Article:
If you’re an eligible voter who lives in Minneapolis, and you haven’t yet cast your ballot in the city election, Tuesday is your chance! City polls open at 7 a.m. and close tonight at 8 p.m.
Below, Sahan Journal compiled a brief guide on what to expect on Election Day 2021 and how to prepare for it.
Find your ward.
The Minneapolis City Council comprises 13 members who represent different wards in the city. You can find out which of the 13 wards you live in by searching for your address here.
Find your nearest polling location.
Your polling location depends on where you live, so you might be voting at a different place than friends and family. Before heading out to vote, make sure you look up your address here to know where to go.
Read up on the issues that matter most to you and other Minneapolitans in today’s election.
- Confused by all the legal squabbles around the Minneapolis public safety amendment? We’ve got you covered! Your vote will count—and here’s a breakdown of what you’re voting on.
- Rent control is on the ballot this fall in Minneapolis and St. Paul. Sahan Journal asked supporters and opponents whether the measures will help produce affordable housing.
- Should the mayor of Minneapolis have more power? Here is everything you need to know about the government structure amendment on the ballot this fall.
Prepare to vote for mayor.
- Candidate AJ Awed told us he plans to create a public safety citizens’ assembly and tax upscale renters like himself.
- We interviewed Mayor Jacob Frey on what he’s done to change the Minneapolis Police Department.
- Last week, Kate Knuth unveiled a detailed immigration policy plan.
- Sheila Nezhad supports participatory budgeting and a Black-led reparations commission.
You can read about each candidate in more detail at the links above. Because Minneapolis uses ranked choice voting, you can rank your first, second, and third choices. More about that in a second.
Learn more about the Minneapolis City Council Candidates.
To help voters make informed choices in advance of Minneapolis’ election season, Sahan Journal worked with Pollen Midwest and Pillsbury United Communities to ask people in Minneapolis what they wanted to know about the candidates on their 2021 ballots.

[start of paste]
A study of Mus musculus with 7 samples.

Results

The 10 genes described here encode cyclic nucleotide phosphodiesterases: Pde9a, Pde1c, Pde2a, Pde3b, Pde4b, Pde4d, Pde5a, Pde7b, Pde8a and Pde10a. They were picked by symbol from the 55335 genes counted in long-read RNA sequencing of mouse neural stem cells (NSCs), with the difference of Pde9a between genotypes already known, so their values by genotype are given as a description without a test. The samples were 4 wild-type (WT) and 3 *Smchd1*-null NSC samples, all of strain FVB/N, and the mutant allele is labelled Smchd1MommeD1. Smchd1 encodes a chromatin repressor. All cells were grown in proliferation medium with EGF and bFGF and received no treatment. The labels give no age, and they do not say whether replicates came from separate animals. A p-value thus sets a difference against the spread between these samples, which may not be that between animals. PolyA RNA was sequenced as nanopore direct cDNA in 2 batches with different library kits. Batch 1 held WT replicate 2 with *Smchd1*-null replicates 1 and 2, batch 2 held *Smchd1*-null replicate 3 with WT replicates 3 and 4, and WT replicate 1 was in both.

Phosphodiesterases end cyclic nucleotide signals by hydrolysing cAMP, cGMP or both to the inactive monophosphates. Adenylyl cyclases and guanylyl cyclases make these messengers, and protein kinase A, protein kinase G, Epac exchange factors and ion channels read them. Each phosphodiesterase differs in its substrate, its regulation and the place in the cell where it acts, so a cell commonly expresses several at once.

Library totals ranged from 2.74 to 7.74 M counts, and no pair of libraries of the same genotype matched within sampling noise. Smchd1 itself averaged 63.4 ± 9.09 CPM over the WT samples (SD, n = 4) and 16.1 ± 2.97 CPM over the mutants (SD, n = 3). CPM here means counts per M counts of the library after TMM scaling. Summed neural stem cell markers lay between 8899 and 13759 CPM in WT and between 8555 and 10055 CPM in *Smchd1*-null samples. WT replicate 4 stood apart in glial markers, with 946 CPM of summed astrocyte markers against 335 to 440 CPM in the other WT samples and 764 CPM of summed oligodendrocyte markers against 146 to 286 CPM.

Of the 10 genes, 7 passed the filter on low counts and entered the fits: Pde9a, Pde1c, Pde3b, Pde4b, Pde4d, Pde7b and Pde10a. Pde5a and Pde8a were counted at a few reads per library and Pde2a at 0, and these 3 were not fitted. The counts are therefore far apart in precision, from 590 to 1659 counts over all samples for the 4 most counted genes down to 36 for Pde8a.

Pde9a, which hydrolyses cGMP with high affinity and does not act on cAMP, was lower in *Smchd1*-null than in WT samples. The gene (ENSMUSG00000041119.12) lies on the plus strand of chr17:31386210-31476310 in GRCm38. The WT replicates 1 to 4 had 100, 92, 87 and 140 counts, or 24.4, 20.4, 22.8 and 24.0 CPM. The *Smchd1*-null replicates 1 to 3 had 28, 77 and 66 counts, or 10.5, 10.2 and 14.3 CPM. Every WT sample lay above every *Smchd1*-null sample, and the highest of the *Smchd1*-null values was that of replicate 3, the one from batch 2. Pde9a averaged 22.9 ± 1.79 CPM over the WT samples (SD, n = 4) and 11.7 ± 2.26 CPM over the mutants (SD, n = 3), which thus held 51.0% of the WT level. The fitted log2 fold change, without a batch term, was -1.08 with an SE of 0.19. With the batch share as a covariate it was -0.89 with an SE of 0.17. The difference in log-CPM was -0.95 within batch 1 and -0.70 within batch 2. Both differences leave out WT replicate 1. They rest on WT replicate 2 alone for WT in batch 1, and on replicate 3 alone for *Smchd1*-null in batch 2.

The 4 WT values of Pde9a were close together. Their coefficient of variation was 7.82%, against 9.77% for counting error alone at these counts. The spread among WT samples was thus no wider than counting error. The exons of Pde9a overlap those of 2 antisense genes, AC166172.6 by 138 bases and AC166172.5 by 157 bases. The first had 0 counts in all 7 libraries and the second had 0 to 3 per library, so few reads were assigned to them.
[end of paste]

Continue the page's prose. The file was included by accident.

The result? A voter guide—made by the community, for the community—that can help you become fully informed on this year’s candidates for City Council.
Know your rights.
- Take time off from work to vote
- Vote if you’re in line by 8 p.m.
- Register on Election Day
- Ask for help from an interpreter
- Bring your children to the polls
- Vote after completing a felony sentence, including completing probation or parole
Rank your candidates.
Minneapolis city elections use ranked choice voting, which means you can rank multiple candidates for one office, in order of preference. For each office, this means you can rank up to three candidates: first choice, second choice, and third choice.
Some offices on the ballot have multiple open seats; that means more than one of your ranked candidates can end up winning. For the Board of Estimate and Taxation, two of the three candidates on the ballot will be elected to two open seats. For the at-large seats in the city’s Park and Recreation Commissioner race, three of the seven candidates listed will win a seat.
Wait, I’m not registered to vote at my current address!
That’s okay! In Minnesota, you can register at the polls. You’ll need to bring proof of residence—and there are lots of ways to prove your residence. You can check the full list here.
I have an absentee ballot at home that I forgot to mail in.
It’s too late to mail it in now. Minneapolis residents can bring absentee ballots to the early voting center, 980 E Hennepin Ave, before 3 p.m. Or just vote in person at your polling place. But don’t bring your completed absentee ballot to your polling place.
Hey! I live in St. Paul! What about me?
- Read up on St. Paul’s rent stabilization ballot measure.
- We made you this school board candidate voter guide!
I already voted.
Great job! However, the city advises you to check to make sure your ballot has been accepted. You can track your ballot here. If it hasn’t been accepted, head to your polling place.